FACT CHECK: What traffic impacts are anticipated from the West Steamboat annexation?
STEAMBOAT SPRINGS — Anticipated traffic volume and needed road improvements were hashed out at a Steamboat Springs City Council work session Sept. 19, 2017, when the West Steamboat Neighborhoods annexation agreement was being negotiated. To fund these improvements, the annexation agreement calls for a $292,000 initial contribution from the developers, then additional contributions as homes are built. These funds would land in a newly established transportation firming fund.
Early development of the neighborhood likely would see a different traffic pattern than full build-out, as a new road is required by the annexation agreement when 30 homes break ground.
The annexation agreement states, prior to the 31st building permit being issued, West Steamboat Neighborhoods will build a secondary road to access the subdivision, which is a planned extension of the currently incomplete Gloria Gossard Parkway. Brynn Grey and Overlook Partners are negotiating an access easement for this road, but that agreement hadn’t been finalized as of the April 9 City Council meeting.
Traffic volumes on road segments and intersections were analyzed looking 20 years out:
- From the U.S. 40 intersection with Elk River Road to 13th Street, 34,700 daily vehicles are forecast, with 2,165 of those — 6.2% — coming from West Steamboat Neighborhoods.
- On Downhill Drive from U.S. 40 to Elk River Road, 6,500 daily vehicles are forecast, with 1,000 of those — 15.4% — coming from West Steamboat Neighborhoods.
City staff have prioritized intersection and road improvements that should occur if the neighborhoods are built out, according to a presentation at the Sept. 19, 2017, work session:
- U.S. 40 from Elk River Road to Dream Island Plaza (Segment C below)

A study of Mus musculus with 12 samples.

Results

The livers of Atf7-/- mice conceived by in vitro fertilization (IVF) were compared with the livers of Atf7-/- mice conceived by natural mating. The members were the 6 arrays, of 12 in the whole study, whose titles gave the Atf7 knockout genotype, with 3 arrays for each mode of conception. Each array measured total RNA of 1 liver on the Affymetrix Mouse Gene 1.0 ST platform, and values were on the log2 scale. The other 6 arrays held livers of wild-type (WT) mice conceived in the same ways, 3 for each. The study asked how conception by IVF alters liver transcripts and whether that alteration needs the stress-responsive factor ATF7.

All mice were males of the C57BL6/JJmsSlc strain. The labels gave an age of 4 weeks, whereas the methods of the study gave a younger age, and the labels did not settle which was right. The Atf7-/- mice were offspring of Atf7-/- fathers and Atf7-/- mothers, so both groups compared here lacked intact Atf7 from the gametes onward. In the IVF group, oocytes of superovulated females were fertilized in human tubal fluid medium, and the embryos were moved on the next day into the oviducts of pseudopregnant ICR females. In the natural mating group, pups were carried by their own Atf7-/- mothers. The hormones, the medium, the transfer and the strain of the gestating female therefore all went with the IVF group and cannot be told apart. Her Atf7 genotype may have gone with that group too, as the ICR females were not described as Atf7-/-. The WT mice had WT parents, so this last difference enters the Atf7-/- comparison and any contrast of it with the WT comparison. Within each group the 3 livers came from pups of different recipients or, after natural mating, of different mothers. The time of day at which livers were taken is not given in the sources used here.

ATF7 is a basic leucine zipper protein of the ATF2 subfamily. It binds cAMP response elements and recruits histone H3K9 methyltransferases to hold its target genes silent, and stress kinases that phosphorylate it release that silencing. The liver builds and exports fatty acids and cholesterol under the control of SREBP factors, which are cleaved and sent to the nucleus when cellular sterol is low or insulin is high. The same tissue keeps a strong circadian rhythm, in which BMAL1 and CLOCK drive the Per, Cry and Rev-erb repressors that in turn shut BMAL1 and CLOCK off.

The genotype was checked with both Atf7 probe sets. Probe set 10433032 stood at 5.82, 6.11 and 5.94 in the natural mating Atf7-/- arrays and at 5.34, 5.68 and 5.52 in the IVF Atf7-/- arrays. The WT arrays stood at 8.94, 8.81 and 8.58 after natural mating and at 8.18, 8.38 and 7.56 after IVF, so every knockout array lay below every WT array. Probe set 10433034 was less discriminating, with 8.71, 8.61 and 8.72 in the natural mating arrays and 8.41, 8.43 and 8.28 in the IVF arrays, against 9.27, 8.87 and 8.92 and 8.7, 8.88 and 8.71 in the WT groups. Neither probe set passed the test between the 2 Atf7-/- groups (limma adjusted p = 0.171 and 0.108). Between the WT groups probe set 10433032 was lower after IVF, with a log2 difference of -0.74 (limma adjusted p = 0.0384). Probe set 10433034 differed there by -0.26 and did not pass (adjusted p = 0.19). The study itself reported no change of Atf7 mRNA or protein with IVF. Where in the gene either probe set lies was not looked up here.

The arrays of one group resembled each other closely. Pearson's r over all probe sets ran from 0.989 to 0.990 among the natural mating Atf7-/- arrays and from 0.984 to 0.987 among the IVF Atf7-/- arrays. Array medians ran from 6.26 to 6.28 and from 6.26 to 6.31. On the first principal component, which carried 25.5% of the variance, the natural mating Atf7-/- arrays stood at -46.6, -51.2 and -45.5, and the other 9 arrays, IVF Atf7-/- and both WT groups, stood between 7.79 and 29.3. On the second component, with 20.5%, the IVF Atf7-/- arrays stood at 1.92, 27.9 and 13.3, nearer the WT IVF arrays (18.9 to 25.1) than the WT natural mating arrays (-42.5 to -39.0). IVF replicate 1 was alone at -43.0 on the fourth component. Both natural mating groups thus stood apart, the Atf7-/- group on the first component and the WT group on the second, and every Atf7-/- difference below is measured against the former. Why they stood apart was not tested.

- U.S. 40 and Downhill Drive intersection (Intersection 1 below)
- Elk River Road and Downhill Drive intersection (Intersection 3 below)
- Downhill Drive from U.S. 40 to Elk River Road (Segment F below)
- Elk River Road from Downhill Drive to U.S. 40 (Segment E below)
- U.S. 40 from Downhill Drive to Elk River Road (Segment B below)
- U.S. 40 from Dream Island Plaza to 13th Street (Segment D below)
- U.S. 40 from the new Slate Creek Road to Downhill Drive (Segments A.2 and A.3 below)
Payments to transportation fund
According to the annexation agreement, before the first Brynn Grey home breaks ground, the company will pay $292,000 to the transportation firming fund. After that, every homebuyer that isn’t under a workforce deed restriction will pay an additional contribution into the fund.
That buyer’s contribution is initially $11,000 per home and $8,400 per secondary unit, but that amount will be adjusted annually for inflation based on the Colorado Department of Transportation’s construction cost index.
According to the annexation agreement, Brynn Grey will pay for the design and construction of all roads in the property, including the Slate Creek Road, which is planned to link the neighborhood to U.S. 40.
Until about 200 homes break ground, Brynn Grey also will pay for snow removal in the subdivision. Before the building permit for the 199th unit is issued, Brynn Grey will pay the city $610,000 to cover the costs of purchasing additional city snow removal equipment. At that time, the city will take over snowplowing.
This story is part of the Steamboat Pilot & Today’s ongoing Fact Check series, which is intended to answer readers’ questions about the proposed West Steamboat Neighborhoods annexation. This series will be published with other annexation coverage at SteamboatPilot.com/news/annexation. If you have a question you’d like to see answered in Fact Check, email reporter Eleanor Hasenbeck at ehasenbeck@SteamboatPilot.com.